It's not known specifically what the documents included, but they have since been turned over to the Attorney General's Office, the source said.
Nils Frederiksen, a spokesman for the attorney general, declined comment, citing the ongoing investigation into child sex-abuse charges against former assistant football coach Jerry Sandusky, who is scheduled to go on trial in June.
Penn State officials repeatedly have told employees they were required to turn over any documents that pertained to employees or former employees involved in the case, sources said.
It is not clear why Sherburne had the Curley documents. But the source said there was no indication he had "intent" to conceal them. If he had, it could have resulted in an obstruction-of-justice charge.
Sherburne had been warned previously for trying to get rid of documents that he thought did not pertain to the case, the source said.
Both head football coach Joe Paterno, who died in January, and President Graham B. Spanier were let go in the aftermath of grand jury charges against Sandusky.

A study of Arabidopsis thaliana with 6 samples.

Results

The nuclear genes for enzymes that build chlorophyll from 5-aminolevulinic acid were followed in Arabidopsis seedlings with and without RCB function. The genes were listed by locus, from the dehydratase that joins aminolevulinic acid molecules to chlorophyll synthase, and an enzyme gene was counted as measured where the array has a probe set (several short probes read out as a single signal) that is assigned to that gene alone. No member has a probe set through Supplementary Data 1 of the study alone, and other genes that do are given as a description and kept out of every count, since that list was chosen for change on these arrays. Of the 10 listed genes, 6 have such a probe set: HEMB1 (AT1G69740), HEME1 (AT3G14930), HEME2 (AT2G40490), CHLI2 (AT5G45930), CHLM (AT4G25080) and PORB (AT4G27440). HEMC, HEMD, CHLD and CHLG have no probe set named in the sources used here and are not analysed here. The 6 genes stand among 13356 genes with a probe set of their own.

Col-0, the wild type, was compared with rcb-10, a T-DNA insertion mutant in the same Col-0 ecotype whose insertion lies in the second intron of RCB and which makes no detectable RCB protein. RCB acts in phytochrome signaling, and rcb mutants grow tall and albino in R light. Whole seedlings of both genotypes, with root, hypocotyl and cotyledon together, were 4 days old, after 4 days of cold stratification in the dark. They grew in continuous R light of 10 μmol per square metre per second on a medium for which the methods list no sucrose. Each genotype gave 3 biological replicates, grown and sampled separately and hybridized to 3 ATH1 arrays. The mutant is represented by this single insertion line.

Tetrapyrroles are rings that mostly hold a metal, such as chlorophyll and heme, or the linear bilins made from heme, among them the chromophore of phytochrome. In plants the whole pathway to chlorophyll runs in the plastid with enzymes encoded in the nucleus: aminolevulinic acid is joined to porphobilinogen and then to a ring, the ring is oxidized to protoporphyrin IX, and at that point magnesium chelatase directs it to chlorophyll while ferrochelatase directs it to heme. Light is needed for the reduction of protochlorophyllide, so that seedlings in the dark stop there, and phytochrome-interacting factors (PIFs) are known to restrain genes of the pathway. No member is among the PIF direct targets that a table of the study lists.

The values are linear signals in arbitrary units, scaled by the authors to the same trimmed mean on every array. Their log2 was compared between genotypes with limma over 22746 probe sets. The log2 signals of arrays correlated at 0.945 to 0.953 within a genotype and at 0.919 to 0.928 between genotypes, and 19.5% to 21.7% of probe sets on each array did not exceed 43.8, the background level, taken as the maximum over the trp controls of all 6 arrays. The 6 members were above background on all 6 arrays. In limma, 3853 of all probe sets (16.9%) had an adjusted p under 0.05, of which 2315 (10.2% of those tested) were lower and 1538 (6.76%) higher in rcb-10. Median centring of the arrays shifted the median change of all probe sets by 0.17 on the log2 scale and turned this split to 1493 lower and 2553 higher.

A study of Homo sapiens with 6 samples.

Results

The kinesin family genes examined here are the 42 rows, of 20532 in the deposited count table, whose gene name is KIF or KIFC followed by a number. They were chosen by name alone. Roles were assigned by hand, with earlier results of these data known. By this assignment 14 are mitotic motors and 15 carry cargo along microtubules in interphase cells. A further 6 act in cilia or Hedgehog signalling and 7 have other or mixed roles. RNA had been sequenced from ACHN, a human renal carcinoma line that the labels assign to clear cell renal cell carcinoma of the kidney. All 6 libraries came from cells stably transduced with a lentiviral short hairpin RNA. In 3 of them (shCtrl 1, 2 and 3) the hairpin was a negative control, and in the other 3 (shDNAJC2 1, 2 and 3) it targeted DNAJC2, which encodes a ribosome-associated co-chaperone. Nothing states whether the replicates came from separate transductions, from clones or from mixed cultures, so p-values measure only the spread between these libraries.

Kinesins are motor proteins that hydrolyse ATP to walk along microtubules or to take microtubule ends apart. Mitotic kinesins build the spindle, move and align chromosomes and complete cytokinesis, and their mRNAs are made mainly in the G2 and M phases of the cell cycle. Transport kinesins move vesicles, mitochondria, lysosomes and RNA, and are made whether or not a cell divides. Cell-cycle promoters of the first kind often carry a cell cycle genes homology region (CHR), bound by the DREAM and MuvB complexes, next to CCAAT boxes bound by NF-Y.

Curley and Gary Schultz, a former senior vice president, were charged with perjury concerning a 2002 incident in which a graduate assistant coach reported seeing Sandusky sexually assaulting a boy in a campus shower.
While Curley, a protégé of Paterno's, was placed on leave, Schultz decided to retire.
Both Curley and Schultz have entered not-guilty pleas to charges of perjury and failure to report. They are next due in court June 1.
Sherburne, 44, played on Penn State's baseball and football teams, according to the school's website.
A native of State College, he graduated with a bachelor of science degree in business logistics in 1991. He has held various positions in the athletic department.
A call to Sherburne's residence Friday was not returned.
Penn State spokeswoman Lisa Powers confirmed that Sherburne was no longer with the university, but declined to comment on how or why he was let go.
"We do not discuss details surrounding personnel issues," she said.